Thinks 988

Deirdre McCloskey: “What are the virtues of capitalism? Trying things out. The only way to get new things, such as we have to an astonishing degree since the liberal revolutions of the 19th century is to let ordinary people “have a go” (as the English say), is through trying out commercially tested betterment. If an electric car in 1900 is a failure in the market, the age of internal combustion engines comes. If it succeeds in 2000, the age of electric cars comes. The government is ill-equipped to choose such winners. The other virtue is massive altruism. A novelty does not survive a commercial test unless it is profitable. Being profitable means that the entrepreneur has found something that masses of people find desirable, such as central heating in cold countries or cheap air conditioning in hot. Being unprofitable means that you are harming people on balance, wasting resources to make things they do not want. Markets are the most altruistic system we have. Governments, by contrast, are systems of coercion, by definition producing what people do not want, worsened by corruption impossible in mutually advantageous exchange.” [via CafeHayek]

Ben Thompson: “The broader issue is that the video industry finally seems to be facing what happened to the print and music industry before them: the Internet comes bearing gifts like infinite capacity and free distribution, but those gifts are a poisoned chalice for industries predicated on scarcity. When anyone could publish text, most text-based businesses went from massive profitability to terminal decline; when anyone could distribute music the music industry could only be saved by tech companies like Spotify helping them sell convenience in place of plastic discs. For the video industry the first step to survival must be to retreat to what they are good at — producing content that isn’t available anywhere else — and getting away from what they are not, i.e. running undifferentiated streaming services with massive direct costs and even larger opportunity ones. Talent, meanwhile, has to realize that they and the studios are not divided by this new paradigm, but jointly threatened: the Internet is bad news for content producers with outsized costs, and long-term sustainability will be that much harder to achieve if the focus is on increasing them.”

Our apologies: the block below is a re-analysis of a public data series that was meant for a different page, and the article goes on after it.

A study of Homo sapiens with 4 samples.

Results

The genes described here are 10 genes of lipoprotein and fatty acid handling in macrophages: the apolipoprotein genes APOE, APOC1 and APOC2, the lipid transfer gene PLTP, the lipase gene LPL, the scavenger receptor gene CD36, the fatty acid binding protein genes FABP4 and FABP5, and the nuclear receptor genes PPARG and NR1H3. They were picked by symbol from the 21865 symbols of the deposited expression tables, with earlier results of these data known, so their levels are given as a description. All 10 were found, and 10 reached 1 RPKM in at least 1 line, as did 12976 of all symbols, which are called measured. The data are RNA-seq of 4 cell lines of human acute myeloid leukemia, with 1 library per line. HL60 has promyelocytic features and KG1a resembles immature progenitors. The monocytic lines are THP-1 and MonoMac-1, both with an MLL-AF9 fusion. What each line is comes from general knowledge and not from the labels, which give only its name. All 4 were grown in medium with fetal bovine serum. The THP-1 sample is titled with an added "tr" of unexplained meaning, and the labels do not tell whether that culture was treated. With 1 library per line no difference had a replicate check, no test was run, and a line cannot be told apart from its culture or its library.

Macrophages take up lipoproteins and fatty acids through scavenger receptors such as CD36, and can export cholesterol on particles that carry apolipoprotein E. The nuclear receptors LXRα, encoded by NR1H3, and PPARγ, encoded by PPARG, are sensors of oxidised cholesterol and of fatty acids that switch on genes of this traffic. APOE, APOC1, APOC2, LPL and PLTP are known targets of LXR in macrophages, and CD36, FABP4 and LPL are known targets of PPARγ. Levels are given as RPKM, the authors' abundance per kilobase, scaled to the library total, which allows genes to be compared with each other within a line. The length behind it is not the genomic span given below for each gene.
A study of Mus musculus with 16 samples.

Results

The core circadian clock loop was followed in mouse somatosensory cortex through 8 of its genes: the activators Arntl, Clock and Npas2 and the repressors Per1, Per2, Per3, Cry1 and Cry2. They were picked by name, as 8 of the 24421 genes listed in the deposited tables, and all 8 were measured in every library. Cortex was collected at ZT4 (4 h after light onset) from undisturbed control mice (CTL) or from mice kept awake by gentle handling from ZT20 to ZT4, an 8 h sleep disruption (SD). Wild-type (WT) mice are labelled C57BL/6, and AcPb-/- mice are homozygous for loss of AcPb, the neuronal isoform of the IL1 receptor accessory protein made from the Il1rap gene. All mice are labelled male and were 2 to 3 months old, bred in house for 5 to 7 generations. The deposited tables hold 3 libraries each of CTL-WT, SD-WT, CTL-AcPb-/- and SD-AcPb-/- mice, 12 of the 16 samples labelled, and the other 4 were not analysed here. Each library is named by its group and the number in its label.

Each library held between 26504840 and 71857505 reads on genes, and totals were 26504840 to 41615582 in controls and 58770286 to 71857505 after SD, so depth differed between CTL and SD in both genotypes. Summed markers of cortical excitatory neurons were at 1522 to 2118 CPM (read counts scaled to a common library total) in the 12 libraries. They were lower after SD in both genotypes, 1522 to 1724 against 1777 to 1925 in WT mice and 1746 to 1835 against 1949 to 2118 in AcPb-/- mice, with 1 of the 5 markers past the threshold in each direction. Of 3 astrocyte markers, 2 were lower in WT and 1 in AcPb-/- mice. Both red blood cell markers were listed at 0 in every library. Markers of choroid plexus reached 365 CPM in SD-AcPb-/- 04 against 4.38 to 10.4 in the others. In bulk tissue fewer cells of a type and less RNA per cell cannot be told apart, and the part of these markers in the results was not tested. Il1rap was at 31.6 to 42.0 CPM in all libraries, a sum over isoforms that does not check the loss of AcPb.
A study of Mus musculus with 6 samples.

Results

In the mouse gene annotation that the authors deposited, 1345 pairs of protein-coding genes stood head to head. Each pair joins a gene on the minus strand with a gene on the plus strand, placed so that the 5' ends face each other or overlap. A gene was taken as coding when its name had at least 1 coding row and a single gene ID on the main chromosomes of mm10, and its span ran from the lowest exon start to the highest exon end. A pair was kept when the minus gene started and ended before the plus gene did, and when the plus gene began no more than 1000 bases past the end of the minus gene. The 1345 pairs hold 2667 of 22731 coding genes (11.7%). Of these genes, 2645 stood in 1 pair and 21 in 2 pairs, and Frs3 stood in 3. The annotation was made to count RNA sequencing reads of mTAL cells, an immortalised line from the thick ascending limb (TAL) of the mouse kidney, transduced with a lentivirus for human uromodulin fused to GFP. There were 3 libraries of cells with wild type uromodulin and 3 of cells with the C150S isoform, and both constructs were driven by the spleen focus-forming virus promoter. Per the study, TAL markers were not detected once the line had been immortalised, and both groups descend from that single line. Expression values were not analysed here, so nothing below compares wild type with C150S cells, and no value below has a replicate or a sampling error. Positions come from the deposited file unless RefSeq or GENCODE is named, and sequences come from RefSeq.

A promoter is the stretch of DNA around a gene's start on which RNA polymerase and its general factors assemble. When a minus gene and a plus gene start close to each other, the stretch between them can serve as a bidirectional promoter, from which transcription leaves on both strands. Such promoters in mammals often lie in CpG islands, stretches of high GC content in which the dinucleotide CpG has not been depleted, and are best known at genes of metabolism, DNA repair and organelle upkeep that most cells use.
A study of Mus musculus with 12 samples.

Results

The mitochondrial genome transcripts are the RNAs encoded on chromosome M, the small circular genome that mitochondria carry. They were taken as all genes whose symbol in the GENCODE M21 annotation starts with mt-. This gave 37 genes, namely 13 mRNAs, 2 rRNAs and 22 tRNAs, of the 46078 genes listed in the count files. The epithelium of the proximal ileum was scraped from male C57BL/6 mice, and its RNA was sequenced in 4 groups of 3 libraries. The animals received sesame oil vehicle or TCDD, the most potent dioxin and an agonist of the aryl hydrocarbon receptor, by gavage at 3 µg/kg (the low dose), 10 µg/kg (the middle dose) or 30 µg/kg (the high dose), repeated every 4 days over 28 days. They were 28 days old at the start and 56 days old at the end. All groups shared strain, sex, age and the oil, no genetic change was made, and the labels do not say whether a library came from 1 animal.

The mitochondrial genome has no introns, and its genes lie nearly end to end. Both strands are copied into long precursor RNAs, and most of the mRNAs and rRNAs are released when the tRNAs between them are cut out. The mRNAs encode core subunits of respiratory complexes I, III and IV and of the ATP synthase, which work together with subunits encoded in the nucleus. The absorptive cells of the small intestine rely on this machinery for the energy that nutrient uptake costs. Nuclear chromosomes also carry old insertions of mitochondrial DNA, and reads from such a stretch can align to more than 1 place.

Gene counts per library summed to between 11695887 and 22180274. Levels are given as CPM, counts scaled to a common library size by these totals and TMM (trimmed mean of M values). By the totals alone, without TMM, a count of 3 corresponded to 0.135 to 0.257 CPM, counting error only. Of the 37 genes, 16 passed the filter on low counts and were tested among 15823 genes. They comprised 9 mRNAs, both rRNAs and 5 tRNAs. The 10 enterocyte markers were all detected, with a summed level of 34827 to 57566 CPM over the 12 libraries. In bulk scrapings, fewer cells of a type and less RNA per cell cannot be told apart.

Martin Wolf: “Where is India now and where might it go, economically and politically?…Let us assume that India’s GDP per head continues to grow at 5 per cent a year, while that of the US grows at 1.4 per cent, roughly as it has over the last three decades. Then, by 2050, India’s GDP per head (at purchasing power) would reach about 30 per cent of US levels, roughly where China’s is today. According to UN median forecasts, India’s population would also be 4.4 times as big as that of the US. So, its economy would be some 30 per cent larger than the US’s. It is, in sum, quite reasonable to assume that India will become a great power. It is not that hard to imagine that its economy will be of a similar size to that of the US by 2050. Thus, western leaders are making a sensible bet on an alliance of convenience with India.”

FT: “Artificial intelligence companies are exploring a new avenue to obtain the massive amounts of data needed to develop powerful generative models: creating the information from scratch. Microsoft, OpenAI and Cohere are among the groups testing the use of so-called synthetic data — computer-generated information to train their AI systems known as large language models (LLMs) — as they reach the limits of human-made data that can further improve the cutting-edge technology…Generic data from the web is no longer good enough to push the performance of AI models, according to developers. “If you could get all the data that you needed off the web, that would be fantastic,” said Aidan Gomez, chief executive of $2bn LLM start-up Cohere. “In reality, the web is so noisy and messy that it’s not really representative of the data that you want. The web just doesn’t do everything we need.”…The new trend of using synthetic data sidesteps this costly requirement. Instead, companies can use AI models to produce text, code or more complex information related to healthcare or financial fraud. This synthetic data is then used to train advanced LLMs to become ever more capable.” Jayant Sinha: “Amidst challenges, India can thrive with transformative opportunities in AI, innovative batteries, nuclear fusion, and manufacturing growth, paving the way for sustainable prosperity.”


An Entrepreneur based in Mumbai, India.